Interview with Bryan Vermes Senior Manager, Employee Experience and Social Impact at Mimecast

Blog Post | October 23, 2020

Hi guys! This is Jael Whitney, volunteer for Kids in Tech. For Cybersecurity Awareness Month and #MassSTEMWeek, I’m going to be talking to professionals all across the cybersecurity industry about the future of STEM. Today, I’m interviewing Bryan Vermes, Senior Manager, Employee Experience and Social Impact at Mimecast, a company that provides cloud cybersecurity services for email, data & web.

Credit: Bryan Vermes

Hi Bryan! Can you tell us more about your background in cybersecurity?

I have grown up in the Greater Boston area, with the privilege of being able complete both my undergraduate and MBA degrees at Suffolk University. Starting out at City Year, a Boston-based non-profit, I’ve had a deep appreciation for non-profit work and supporting our communities. In my role today, at Mimecast, I am able to lead many of our North American corporate social responsibility programs. Additionally, I support internal communications, diversity and inclusion, employee engagement surveys, and new employee onboarding.           

I’ve been working in the cybersecurity industry for slightly over three years. I love it, because you get to be surrounded by purpose-driven people that are committed to the common good. At the end of the day, we’re here to ensure that all members of our community can safely enjoy their digital world. On top of that, working in technology comes with working alongside incredibly creative minds that are always challenging you to think of new solutions.

Awesome! The theme for this year’s Massachusetts STEM Week is “See Yourself in STEM,” with a particular focus on the power of mentoring. How can we help more young people see themselves in STEM?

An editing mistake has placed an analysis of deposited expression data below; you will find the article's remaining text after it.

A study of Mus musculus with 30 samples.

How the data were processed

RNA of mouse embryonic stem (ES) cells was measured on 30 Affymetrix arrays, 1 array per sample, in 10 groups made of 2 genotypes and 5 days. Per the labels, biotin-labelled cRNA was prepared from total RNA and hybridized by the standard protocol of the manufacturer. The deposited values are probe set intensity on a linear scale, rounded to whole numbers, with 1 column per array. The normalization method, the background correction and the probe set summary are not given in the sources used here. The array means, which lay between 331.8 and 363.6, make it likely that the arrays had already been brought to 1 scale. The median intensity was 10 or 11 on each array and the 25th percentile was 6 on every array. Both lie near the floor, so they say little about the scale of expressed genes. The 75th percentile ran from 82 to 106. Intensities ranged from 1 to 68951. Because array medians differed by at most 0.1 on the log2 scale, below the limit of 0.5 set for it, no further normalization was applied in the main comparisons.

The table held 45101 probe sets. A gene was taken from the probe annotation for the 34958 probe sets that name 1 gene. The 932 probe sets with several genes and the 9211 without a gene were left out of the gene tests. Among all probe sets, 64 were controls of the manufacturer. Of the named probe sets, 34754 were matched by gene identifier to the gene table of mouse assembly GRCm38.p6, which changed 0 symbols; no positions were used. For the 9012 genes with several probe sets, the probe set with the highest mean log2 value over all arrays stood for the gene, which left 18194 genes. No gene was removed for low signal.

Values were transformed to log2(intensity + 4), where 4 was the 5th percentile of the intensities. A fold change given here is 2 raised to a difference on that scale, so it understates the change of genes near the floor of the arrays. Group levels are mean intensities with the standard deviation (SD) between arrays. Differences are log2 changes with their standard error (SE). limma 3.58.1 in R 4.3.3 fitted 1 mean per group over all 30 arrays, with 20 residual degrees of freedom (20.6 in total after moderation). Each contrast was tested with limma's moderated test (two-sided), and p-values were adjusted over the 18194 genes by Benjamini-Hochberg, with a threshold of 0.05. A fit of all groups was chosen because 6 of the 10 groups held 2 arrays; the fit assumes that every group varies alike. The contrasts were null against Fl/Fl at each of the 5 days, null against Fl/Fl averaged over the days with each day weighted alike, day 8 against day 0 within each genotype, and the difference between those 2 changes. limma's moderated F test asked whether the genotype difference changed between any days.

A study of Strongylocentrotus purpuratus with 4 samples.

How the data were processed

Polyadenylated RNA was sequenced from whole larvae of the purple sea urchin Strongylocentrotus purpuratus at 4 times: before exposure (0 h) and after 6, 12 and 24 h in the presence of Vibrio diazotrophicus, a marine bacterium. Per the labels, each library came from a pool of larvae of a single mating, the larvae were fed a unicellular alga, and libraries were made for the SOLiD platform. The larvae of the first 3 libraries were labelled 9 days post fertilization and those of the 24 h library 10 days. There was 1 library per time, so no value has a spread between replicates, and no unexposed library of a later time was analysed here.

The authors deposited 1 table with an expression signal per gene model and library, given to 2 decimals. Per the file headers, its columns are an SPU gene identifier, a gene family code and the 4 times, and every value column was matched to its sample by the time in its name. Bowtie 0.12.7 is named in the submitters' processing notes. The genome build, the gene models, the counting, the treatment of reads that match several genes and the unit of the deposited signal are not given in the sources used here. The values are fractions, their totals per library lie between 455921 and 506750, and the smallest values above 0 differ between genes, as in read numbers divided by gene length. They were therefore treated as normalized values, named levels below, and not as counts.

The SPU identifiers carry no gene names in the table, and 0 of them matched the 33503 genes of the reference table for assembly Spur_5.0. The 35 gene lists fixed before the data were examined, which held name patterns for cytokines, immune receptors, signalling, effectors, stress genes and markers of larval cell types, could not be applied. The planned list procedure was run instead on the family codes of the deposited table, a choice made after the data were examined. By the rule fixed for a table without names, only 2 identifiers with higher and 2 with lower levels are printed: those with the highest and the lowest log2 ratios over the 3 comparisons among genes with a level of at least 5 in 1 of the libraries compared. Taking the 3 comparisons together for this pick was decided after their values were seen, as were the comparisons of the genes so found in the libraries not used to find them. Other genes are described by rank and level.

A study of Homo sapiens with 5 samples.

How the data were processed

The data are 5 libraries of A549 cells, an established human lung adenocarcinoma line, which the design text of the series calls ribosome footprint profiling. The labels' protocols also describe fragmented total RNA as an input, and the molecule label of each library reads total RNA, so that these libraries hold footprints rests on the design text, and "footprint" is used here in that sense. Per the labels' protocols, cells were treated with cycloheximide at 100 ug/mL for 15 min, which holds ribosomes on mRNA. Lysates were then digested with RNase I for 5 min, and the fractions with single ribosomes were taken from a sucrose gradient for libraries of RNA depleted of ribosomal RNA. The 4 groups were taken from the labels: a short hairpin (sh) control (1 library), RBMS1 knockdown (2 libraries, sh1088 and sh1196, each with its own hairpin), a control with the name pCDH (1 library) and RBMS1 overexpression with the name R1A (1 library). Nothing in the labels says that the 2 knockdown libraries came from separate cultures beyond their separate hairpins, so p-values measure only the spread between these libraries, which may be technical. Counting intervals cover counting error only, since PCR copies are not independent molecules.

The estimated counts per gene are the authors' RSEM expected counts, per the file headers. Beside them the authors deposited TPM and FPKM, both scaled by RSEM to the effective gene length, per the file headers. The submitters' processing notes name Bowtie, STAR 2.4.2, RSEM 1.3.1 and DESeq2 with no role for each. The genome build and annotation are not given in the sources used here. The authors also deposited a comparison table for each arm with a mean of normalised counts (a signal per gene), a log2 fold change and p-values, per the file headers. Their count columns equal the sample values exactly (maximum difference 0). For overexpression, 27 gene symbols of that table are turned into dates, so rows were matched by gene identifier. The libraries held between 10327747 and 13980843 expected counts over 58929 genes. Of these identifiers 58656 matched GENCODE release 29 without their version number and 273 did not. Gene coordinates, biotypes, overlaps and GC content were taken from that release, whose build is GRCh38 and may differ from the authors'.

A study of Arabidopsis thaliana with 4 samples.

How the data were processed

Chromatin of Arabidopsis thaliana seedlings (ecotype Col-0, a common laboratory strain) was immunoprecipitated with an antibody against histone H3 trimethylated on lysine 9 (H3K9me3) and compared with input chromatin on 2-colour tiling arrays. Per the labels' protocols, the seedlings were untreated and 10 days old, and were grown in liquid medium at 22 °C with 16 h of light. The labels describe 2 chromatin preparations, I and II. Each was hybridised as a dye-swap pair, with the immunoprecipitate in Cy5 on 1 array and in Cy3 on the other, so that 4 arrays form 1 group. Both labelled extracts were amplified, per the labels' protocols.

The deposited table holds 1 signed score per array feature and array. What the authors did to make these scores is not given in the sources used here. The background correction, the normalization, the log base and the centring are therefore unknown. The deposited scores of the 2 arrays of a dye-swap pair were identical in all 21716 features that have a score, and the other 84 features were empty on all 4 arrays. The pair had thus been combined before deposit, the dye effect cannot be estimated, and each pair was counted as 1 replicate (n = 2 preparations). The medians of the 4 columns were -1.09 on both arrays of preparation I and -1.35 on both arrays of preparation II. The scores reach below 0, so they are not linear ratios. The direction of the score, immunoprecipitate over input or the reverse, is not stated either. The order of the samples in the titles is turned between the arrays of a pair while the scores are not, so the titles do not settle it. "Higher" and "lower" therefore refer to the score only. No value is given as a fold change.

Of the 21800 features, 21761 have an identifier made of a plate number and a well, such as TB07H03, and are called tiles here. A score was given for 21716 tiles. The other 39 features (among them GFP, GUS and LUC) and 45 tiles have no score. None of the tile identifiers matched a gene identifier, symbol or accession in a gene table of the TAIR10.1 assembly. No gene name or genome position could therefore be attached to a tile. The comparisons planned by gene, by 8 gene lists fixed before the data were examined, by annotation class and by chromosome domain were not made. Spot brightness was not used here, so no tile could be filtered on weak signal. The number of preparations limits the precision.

I’m a strong believer in story-telling as a tool to open opportunities for those who may not otherwise see it. I’m the first generation in my family to complete a college degree — Neither of my parents were able to do so. When I was able to go to college, it was a different experience than many others. I was working full time in retail to support myself. When you’re in those circumstances, it can be difficult to imagine yourself in the flashy STEM space — But it’s possible! And it can extend far beyond traditional engineering. There’s opportunities for almost anyone to thrive in.  

Very cool! Is there anything else you would like to say to anyone who might be interested in exploring this field more?

No matter what journey we choose for ourselves, to get through difficult years like this one, you have to truly have passion for what you do. That’s where cybersecurity professionals today have a role to play. We have an obligation to step up, and help our future generations identify their own passions, so they can find the success they deserve.